Gun Crimes: Missing Links - NBC Right Now/KNDO/KNDU Tri-Cities, Yakima, WA |

Gun Crimes: Missing Links


They are firearms taken from arrests, search warrants or traffic stops. 

The guns could hold answers to unsolved violent crimes, but most police agencies wouldn't know that because they are not doing a basic ballistics test on the crime guns in their custody.

The Integrated Ballistics Identification System (IBIS) makes large scale ballistics testing possible. 

IBIS is part of a nationwide network that compares shell casings fired from guns to shell casings from all other guns that have been entered into the system. 

It's a high-tech system that reduces the human workload.
 
In Washington state there are more than 50,000 shell casings entered into the IBIS system.
 
"When a cartridge goes through a gun, that gun puts unique markings on it," said Terry McAdam, the manager of Washington State Patrol's Seattle crime lab.  The cartridge casing is ejected from the gun and often left at the scene of a shooting.
 
IBIS takes a picture of markings on the cartridge casing and looks for identical tool marks on other shell casings in the system.

A match means the casings were fired from the same gun. 

That link may give investigators new leads to work on.
 
"We've also got many homicides solved because this particular cartridge case we found was linked to another homicide and once the police do further investigation they can link suspects to crimes," said McAdam.  He calls it "a very powerful weapon."

To get shell casings from crime guns into IBIS, police usually have to "test-fire" the weapon to produce two shell casings.  They are then shipped off to the lab for analysis.
 
But 13 years after IBIS' arrival in Washington state it appears many police agencies still do not have policies and procedures to take advantage of IBIS's potential.
 
Seattle Police and Kent Police test-fire and submit all the crime guns in their evidence rooms. 

Tacoma Police test-fire a large percentage of them.
 
Other police agencies aren't doing it.
 
Through public records requests, NBC affiliate KING-5 Investigators received inventories of crime guns in police property rooms.

They compared that data with records from the crime lab showing how many cases each police agency has submitted for IBIS analysis.
 
Those records show a low percentage of crime guns across the state of Washington are getting checked.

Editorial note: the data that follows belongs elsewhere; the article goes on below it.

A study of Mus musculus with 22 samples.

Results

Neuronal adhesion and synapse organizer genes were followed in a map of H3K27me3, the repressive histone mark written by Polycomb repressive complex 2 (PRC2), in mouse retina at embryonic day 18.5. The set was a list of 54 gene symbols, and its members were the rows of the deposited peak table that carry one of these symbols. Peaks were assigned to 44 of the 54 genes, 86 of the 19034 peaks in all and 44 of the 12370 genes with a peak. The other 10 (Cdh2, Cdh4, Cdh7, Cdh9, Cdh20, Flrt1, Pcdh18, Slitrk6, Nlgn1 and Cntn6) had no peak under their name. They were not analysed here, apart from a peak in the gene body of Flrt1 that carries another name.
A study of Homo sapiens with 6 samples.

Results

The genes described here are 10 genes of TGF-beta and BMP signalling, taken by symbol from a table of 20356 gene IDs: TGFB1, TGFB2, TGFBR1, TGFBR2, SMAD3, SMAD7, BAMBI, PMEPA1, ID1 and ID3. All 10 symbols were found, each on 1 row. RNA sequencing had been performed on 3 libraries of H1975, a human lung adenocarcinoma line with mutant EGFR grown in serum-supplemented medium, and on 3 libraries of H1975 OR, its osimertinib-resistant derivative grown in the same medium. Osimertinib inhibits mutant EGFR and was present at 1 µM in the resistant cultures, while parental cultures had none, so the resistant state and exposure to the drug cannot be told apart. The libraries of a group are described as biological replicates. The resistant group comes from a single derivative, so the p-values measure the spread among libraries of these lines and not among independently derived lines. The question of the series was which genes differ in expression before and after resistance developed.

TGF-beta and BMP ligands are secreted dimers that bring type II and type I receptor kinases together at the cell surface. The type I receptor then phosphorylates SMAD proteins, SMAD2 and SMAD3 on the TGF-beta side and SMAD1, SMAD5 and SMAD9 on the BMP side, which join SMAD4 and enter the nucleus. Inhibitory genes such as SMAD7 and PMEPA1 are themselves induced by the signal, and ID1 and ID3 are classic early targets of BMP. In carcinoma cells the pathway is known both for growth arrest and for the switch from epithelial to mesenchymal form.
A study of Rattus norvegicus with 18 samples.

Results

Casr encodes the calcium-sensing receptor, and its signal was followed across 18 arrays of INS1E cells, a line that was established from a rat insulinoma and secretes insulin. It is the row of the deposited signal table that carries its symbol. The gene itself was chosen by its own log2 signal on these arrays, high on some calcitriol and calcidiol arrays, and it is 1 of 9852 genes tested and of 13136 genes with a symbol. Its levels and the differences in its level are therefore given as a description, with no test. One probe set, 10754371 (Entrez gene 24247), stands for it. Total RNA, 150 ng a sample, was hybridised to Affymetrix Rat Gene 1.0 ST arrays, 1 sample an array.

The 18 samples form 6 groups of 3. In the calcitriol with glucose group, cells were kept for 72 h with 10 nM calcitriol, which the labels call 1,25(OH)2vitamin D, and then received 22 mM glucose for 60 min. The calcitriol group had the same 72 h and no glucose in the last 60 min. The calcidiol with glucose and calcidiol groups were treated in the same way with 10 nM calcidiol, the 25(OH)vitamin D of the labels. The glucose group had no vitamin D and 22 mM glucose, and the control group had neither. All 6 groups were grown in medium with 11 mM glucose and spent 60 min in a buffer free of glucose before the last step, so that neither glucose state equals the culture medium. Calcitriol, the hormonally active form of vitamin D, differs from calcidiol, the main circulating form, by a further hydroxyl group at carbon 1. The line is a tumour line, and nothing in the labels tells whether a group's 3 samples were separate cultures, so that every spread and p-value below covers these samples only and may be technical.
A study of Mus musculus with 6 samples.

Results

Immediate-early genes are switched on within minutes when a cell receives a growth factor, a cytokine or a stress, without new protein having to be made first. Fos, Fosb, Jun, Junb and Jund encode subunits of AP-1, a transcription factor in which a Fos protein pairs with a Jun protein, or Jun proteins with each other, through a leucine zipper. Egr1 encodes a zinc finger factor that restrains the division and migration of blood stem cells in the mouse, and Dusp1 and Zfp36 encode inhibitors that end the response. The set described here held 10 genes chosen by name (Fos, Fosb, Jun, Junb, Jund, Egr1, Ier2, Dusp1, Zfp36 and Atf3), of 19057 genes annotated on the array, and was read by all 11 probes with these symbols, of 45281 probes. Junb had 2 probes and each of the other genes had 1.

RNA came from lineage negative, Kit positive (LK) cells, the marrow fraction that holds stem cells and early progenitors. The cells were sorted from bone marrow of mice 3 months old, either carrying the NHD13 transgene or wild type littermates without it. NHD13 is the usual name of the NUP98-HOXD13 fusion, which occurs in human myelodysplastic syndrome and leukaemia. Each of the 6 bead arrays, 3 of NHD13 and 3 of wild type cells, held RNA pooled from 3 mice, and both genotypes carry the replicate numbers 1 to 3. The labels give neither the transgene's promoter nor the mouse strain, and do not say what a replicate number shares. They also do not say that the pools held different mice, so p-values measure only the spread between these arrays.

Seattle is the city with the most shootings and has the most to gain from IBIS.
 
It shows. 

Seattle police have a policy in place to test-fire and submit shell casings from each of the 300 or so crime guns officers take into custody each year.
 
"I think we as a state could do a much better job," said Seattle Assistant Police Chief Jim Pugel, when presented with KING 5's findings.
 
Pugel said his homicide investigators often see crime guns change hands and cross city lines.

He said guns from Seattle crimes are probably sitting in evidence rooms in other jurisdictions right now, but they won't find them if other jurisdictions don't enter their crime guns into IBIS.
 
"I believe that several crimes may be going unsolved," said Pugel.

Gazelle Williams wonders if one of those crimes could be the one involving her nephew.
 
"They could have the weapon that killed Desmond," she said of police agencies outside Seattle.
 
22-year-old college student Desmond Jackson was gunned down in February in Seattle.  The crime remains unsolved.
 
Jackson's murder was part of a violent first half of the year for the city. 

Nearly all of the 22 people slain in five months were killed with handguns.
 
Seattle police picked up 13 shell casings on the SODO street where Jackson was killed, but IBIS will only find a match if a police agency not only crosses paths with that murder weapon, but also puts it into the IBIS system.
 
"They could hold the key," said Williams.  "I would beg them to please test those guns.  You know, maybe the gun that shot Des wouldn't be there but maybe it could solve someone else's family's crime.